The story of Vlad Dracul

Vlad Dracul – the real Dracula?

Count Dracula fired so strongly people’s imagination that for many it is difficult now to separate him from Vlad Dracul. He was the ruler of Wallachia – a small province in what is now Romania – who was used by Bram Stoker as a light source of inspiration. Tourists usually flock to Bran Castle – a two-hour drive North of Bucharest associated with Vlad Dracul. They are searching for Dracula and traces of vampires. There are none, even if both loved blood. But each in his own particular way.

Vlad Dracul III was a very colorful character himself even by 15th century standards. His father was named Vlad the Dragon. He received the second name after he became a member of the Order of the Dragon. Dracula is the Slavonic form of Dracul, meaning ‘the son of Dracul’. In modern Romanian, “Dracul” means ‘the devil’ which spices up even more the story.

In order to ensure his loyalty to the Ottomans, the then sultan Mehmed II kept little Vlad as prisoner at his court. Vlad becomes fluent in Turkish and Turkish habits, impaling included. In 1447 his father dies and Vlad comes to take over the throne supported by an Ottoman army. He will rule Wallachia on and off for several years. Trying to survive through a mix of shifting alliances, defensive fights, flights, defeats, recognition of suzerainty etc.

The province he rules is a boiling geopolitical pot at the crossroad between the Kingdoms of Hungary and Poland and the Ottoman Empire. It is during one of his reigns that Vlad becomes famous. He attacks the Turks south of the Danube and refuses to pay them tribute. Mehmed II gathers a 150 000 people strong army and comes after him. Vlad manages to inflict a lot of damage (mainly through impaling) on the Ottoman army and is close to capture Mehmed himself. He wins the battle but not the war.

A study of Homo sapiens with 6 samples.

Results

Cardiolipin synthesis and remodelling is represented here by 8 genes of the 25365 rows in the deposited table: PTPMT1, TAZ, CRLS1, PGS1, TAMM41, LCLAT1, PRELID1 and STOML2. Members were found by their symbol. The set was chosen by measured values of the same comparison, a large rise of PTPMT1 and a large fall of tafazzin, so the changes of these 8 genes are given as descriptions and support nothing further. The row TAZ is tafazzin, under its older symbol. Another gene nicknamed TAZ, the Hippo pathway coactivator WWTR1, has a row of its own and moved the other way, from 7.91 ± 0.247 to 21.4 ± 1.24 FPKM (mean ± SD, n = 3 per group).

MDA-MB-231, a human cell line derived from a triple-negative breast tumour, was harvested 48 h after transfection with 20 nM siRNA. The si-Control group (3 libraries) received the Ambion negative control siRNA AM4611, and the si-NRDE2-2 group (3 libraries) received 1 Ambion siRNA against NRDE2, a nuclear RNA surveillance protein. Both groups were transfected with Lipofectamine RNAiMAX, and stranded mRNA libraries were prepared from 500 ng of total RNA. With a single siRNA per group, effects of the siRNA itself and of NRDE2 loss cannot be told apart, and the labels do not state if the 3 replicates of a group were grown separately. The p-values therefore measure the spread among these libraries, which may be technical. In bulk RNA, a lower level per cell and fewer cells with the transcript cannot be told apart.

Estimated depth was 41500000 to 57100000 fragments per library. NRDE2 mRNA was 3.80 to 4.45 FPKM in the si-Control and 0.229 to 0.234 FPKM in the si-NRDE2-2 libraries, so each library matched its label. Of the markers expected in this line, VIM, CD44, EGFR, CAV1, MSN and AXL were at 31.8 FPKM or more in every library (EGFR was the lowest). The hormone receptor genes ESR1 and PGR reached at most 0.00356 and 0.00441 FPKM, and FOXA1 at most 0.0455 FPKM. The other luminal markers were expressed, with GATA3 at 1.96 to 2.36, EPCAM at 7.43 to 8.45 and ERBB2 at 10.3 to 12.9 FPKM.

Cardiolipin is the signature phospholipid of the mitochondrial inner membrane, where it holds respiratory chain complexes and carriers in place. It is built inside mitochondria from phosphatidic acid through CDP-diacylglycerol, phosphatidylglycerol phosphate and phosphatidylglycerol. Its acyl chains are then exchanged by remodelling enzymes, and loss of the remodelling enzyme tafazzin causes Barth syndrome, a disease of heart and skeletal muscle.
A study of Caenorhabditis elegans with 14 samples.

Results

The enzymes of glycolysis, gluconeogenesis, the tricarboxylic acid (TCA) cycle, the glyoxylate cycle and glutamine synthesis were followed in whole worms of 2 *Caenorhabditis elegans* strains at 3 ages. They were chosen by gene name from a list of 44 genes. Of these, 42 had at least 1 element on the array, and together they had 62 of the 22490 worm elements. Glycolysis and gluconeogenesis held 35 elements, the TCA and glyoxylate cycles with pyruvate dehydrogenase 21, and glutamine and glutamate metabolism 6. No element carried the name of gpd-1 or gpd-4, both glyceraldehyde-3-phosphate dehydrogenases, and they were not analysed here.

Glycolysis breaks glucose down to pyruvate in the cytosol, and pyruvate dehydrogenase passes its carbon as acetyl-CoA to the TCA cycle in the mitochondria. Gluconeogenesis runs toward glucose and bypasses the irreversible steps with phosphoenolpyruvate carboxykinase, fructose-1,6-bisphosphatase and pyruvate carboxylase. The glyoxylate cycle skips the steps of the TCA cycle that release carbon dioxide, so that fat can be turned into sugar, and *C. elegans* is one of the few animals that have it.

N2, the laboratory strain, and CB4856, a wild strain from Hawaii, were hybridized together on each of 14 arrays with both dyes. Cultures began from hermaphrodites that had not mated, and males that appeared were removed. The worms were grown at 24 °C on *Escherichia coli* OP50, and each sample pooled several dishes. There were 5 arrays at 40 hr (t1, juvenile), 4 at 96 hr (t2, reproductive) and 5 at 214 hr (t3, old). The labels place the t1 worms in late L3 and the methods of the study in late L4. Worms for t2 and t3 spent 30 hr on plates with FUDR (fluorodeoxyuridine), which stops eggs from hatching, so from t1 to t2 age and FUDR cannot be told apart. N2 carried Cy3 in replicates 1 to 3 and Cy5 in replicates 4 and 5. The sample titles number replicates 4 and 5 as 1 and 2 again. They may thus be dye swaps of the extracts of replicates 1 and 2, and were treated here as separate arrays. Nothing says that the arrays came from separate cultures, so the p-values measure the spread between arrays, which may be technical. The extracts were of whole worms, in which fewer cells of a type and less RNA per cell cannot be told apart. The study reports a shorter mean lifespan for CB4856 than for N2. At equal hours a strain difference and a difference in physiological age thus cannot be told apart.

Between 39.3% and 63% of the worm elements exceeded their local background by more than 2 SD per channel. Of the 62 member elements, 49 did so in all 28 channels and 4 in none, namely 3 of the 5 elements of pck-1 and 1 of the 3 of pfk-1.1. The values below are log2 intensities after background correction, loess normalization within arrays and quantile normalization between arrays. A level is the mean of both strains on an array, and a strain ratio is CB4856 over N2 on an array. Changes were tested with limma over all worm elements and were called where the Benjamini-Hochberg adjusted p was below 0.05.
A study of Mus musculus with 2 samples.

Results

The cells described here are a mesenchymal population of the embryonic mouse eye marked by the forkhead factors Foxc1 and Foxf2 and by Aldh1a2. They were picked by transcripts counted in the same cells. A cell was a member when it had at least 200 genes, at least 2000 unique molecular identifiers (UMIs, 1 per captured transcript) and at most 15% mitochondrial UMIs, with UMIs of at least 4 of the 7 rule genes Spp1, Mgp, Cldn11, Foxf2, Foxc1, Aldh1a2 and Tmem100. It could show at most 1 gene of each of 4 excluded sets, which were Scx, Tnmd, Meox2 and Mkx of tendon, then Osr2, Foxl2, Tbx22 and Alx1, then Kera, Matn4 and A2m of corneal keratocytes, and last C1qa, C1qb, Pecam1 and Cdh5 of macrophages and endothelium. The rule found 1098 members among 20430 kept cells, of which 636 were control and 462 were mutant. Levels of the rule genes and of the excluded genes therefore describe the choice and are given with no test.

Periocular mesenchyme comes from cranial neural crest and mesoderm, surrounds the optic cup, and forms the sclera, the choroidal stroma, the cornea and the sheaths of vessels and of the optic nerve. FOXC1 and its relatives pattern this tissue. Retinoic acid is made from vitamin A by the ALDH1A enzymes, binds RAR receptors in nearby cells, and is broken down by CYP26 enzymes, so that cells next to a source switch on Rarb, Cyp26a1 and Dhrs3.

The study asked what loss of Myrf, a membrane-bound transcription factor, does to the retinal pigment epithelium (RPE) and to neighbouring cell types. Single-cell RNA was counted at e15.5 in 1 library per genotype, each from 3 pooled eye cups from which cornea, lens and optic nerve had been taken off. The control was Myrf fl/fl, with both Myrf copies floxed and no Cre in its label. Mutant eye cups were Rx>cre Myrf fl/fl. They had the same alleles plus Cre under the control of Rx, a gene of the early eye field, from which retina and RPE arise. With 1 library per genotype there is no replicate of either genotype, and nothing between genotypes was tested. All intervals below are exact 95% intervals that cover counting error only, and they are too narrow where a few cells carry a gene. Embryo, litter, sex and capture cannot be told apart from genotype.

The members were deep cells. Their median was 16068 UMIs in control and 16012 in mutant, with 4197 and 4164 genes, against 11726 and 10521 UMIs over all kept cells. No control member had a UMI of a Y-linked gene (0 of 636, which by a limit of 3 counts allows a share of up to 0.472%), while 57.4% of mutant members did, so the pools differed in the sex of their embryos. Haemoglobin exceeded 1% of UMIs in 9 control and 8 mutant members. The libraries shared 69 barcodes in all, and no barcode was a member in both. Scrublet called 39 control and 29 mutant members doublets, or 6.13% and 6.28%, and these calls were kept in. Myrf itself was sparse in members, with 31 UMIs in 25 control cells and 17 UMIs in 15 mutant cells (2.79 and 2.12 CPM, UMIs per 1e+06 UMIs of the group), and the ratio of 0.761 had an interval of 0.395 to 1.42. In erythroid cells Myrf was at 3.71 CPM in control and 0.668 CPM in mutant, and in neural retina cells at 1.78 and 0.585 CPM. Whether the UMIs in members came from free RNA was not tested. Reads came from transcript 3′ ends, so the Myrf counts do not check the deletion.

Another one of his military moves is not as successful and he ends up in a Hungarian prison where he spends 14 years. But his fame as blood-lover is now greater than him and his deeds reach Western Europe in a highly caricatured form. A poem named ‘Story of a Bloodthirsty Madman Called Dracula of Wallachia’ is performed at the court of Frederick III, in Wiener Neustadt during the winter of 1463. His cruelty (real and invented) makes him famous throughout Europe well before Bram Stoker writes his bestseller. His portrait becomes recognized currency for evil and appears in totally unexpected places: in a painting (now in Ljubljana) as Pilate Judging Jesus Christ and in a church in Vienna, Maria am Gestade, in a painting depicting the Calvary of Christ.

The most known portrait of his is now on display in Kunsthistorisches Museum. It’s part of the temporary exhibition curated by Wes Anderson and Juman Malouf, ‘Spitzmaus Mummy in a Coffin’. It could not have been out of this particular collection of misfits.